Boxing gives an incarcerated man the chance at freedom. He chooses love instead. Based on a true story, Heart, Baby depicts life in the Central Tennessee State Penitentiary in the 80s, where men and transgender women of all backgrounds and beliefs struggle to coexist within an unjust prison system and its highly homophobic atmosphere. Writer and director Angela Shelton delivers a film full of heart but lacking in script strength and the execution of that heart. (RMM: 3.5/5)
Review by FF2 Associate Roza M. Melkumyan
Opening with a musical overture dripping in sentimentality and tagged by a inspirational quote, Heart, Baby wastes no time in letting us know that this is going to be an inspirational story. The year is 1984 and the backdrop is the Central Tennessee State Penitentiary, where Fridays are for Friday night boxing matches and the halls are inhabited by aggressively homophobic men and persevering transgender women alike. In the boxing ring, “George” (Gbenga Akinnagbe) rules the game. A rape survivor and champion of the downtrodden, George is coached by best-friend-since-childhood “Doc” (Jackson Rathbone). Doc is blatantly, cringingly homophobic, a character trait that is made clear as he turns to transgender “Crystal” (Shawn-Caulin Young) and kindly tells her to “Get your gay-ass shit out of my face.” What a way to undercut that sweeping sentimentality.
Having robbed a house just after turning 18 years old, George’s preposterous 40-year sentence calls to mind the insultingly unfair prison systems featured in musical Les Miserables and the famous Shawshank Redemption. What’s worse is that those kind of sentences, along with corruption within prison walls, were and still are a reality. What’s even more eye-opening that this film brings to attention is the fact that such toxic and homophobic environments meant a terrible time for queer men and transgender women. Crystal’s way of dealing with this is shooting heroin and clinging to the firm belief that God loves gays. Meanwhile, Crystal and Doc seem to vy for the status of being George’s closest friend. Doc angrily refutes the idea that George could ever care about a member of the queer community. Crystal knows that, in fact, he does.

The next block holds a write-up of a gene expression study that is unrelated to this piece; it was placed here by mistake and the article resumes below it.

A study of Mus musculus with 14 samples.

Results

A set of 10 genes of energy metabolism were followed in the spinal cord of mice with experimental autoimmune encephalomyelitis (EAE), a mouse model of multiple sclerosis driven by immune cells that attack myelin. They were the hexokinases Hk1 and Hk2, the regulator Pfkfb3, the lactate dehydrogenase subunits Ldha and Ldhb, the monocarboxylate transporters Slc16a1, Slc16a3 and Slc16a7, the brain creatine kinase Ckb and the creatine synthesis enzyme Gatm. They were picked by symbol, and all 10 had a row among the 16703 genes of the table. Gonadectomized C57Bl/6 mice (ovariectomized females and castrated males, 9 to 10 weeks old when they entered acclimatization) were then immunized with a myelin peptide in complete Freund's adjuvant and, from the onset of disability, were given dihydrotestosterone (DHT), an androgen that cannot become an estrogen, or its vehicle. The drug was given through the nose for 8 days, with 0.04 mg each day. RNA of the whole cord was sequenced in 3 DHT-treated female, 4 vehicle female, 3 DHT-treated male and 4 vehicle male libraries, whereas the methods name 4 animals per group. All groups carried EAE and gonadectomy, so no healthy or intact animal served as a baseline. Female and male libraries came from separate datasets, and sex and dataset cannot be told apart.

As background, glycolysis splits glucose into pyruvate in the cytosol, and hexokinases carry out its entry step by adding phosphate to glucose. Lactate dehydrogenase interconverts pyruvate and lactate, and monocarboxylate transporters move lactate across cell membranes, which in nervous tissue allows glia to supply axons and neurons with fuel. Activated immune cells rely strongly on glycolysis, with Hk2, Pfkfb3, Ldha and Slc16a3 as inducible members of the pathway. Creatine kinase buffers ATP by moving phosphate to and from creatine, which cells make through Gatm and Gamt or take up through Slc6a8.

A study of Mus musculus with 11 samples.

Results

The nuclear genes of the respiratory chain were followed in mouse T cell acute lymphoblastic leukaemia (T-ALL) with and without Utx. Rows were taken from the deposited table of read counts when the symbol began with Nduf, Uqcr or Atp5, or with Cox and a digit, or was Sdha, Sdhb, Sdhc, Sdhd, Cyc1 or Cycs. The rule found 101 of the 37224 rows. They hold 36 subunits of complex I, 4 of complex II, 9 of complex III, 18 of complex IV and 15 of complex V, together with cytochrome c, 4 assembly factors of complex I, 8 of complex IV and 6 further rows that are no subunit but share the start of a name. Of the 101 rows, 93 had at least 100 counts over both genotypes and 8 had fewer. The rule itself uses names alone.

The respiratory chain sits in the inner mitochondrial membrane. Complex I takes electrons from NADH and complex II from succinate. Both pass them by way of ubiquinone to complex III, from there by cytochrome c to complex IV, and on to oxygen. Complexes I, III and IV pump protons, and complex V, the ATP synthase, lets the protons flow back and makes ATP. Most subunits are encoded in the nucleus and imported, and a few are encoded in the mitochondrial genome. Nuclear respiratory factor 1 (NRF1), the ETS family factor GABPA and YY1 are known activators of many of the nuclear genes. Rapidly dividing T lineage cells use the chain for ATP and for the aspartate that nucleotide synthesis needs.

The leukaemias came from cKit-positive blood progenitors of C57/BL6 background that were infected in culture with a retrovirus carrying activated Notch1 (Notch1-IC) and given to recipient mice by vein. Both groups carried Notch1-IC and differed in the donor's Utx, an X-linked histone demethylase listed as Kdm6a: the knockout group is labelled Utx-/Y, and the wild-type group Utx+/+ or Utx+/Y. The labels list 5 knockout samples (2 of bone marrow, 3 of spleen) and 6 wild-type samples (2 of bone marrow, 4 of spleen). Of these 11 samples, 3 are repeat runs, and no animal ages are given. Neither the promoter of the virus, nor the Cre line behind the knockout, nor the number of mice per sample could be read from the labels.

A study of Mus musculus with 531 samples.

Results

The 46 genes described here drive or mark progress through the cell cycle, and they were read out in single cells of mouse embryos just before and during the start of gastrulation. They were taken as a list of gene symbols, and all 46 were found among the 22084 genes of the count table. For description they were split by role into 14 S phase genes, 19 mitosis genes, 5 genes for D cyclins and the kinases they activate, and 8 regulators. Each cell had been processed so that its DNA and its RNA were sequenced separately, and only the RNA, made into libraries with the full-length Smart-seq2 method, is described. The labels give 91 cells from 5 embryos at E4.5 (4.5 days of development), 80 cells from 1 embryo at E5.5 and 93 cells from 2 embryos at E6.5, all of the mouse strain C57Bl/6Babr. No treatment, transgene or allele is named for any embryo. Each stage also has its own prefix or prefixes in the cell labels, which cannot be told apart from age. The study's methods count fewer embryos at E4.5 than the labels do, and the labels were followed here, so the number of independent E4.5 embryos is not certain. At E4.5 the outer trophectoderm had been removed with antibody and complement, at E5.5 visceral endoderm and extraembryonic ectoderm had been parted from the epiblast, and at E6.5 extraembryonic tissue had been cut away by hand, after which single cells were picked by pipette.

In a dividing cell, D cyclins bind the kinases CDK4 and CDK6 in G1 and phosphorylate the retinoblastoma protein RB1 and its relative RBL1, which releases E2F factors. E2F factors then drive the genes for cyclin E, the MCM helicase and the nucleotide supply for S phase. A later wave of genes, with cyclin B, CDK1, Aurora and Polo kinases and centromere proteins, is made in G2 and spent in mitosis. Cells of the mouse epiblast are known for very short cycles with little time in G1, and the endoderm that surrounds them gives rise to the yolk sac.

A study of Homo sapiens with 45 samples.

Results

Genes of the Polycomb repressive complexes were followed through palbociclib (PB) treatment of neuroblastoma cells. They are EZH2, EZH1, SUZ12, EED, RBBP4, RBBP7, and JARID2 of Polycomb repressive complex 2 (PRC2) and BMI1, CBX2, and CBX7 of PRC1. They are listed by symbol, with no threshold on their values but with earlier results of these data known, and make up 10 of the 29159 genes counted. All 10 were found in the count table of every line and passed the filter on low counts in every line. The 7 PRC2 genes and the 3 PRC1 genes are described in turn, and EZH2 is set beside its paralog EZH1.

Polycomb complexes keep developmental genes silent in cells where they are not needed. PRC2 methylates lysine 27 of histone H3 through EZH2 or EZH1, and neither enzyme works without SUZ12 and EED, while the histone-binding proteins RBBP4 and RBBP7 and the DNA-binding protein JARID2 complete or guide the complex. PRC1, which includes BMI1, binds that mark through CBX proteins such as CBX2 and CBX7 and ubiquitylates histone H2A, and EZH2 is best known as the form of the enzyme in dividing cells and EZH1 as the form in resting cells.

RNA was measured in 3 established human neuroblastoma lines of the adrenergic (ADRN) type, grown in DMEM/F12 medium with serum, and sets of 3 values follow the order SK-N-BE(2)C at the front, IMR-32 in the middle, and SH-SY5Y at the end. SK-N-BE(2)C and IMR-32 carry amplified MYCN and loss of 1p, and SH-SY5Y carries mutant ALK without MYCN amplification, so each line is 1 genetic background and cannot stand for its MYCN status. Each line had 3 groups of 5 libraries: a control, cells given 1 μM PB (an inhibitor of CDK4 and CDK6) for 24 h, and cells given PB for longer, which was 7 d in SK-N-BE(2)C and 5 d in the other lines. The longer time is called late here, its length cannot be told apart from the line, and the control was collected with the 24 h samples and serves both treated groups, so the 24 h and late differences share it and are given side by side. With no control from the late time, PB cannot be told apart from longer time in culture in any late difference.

George continues to defeat his opponents left and right, prompting the prison warden to take attention. If he continues to win, he could go to the Olympics and win a one-way ticket to freedom. George names one condition: that Crystal be allowed to come with him. Prison higher-ups are angry to hear him advocate for a queer, and are further outraged when George declares that he is in love with Crystal, making him, in their eyes, just as dirty as the rest of them. The audience quickly realizes that this isn’t a movie about boxing at all. It’s a story of impossible loves.
Heart, Baby had lots of potential to be great. It’s based on an amazing, inspiring true story of the loyalty between best friends, love that overcomes adversity, and putting prison reform into action. But from the moment the film opened with that music track, I felt like I was being told I needed to feel inspired. I struggled to wash away the taste of that artificial tone for the rest of the film. While I laud director and writer Angela Shelton for bringing us a movie about love and acceptance in regards to the queer community, the homophobic commentary she uses to juxtapose that love with felt almost gratuitous and excessive. The acting at times bordered on campy, with both the queer characters and the homophobic characters looking more like caricatures. I understand that the intention in establishing such a toxic, volatile atmosphere is to make space for love and understanding, but the truth is that the believability of it all was sacrificed.
From watching the first 30 minutes alone of this film, I’m not sure I would have continued watching. It was painted to be a movie about boxing which felt generic, like I was watching a story that I had seen a million times. What saved it, however, was that moment in the second act when George’s and Crystal’s love story came into full focus and became the film’s new focal point. Though some opportunities to deliver really moving performances were missed, both Rathbone and Akinnagbe delivered rather emotional performances as they both navigated pain and loss.
Though this film’s base story was compelling enough to keep me hooked, I’d suggest skipping this particular feature.
© Roza M. Melkumyan (1/29/19) FF2 Media
Featured Photo: Doc has a conversation in the stairwell.
Top Photo: George gets ready to throw a punch.
Middle Photo: George wins another match.
Bottom Photo: George tries on his new boxing robe.
Photo Credits: JonGunnar Gylfason
Q: Does Heart, Baby pass the Bechdel-Wallace Test?
Transgender women speak with each other about their lives.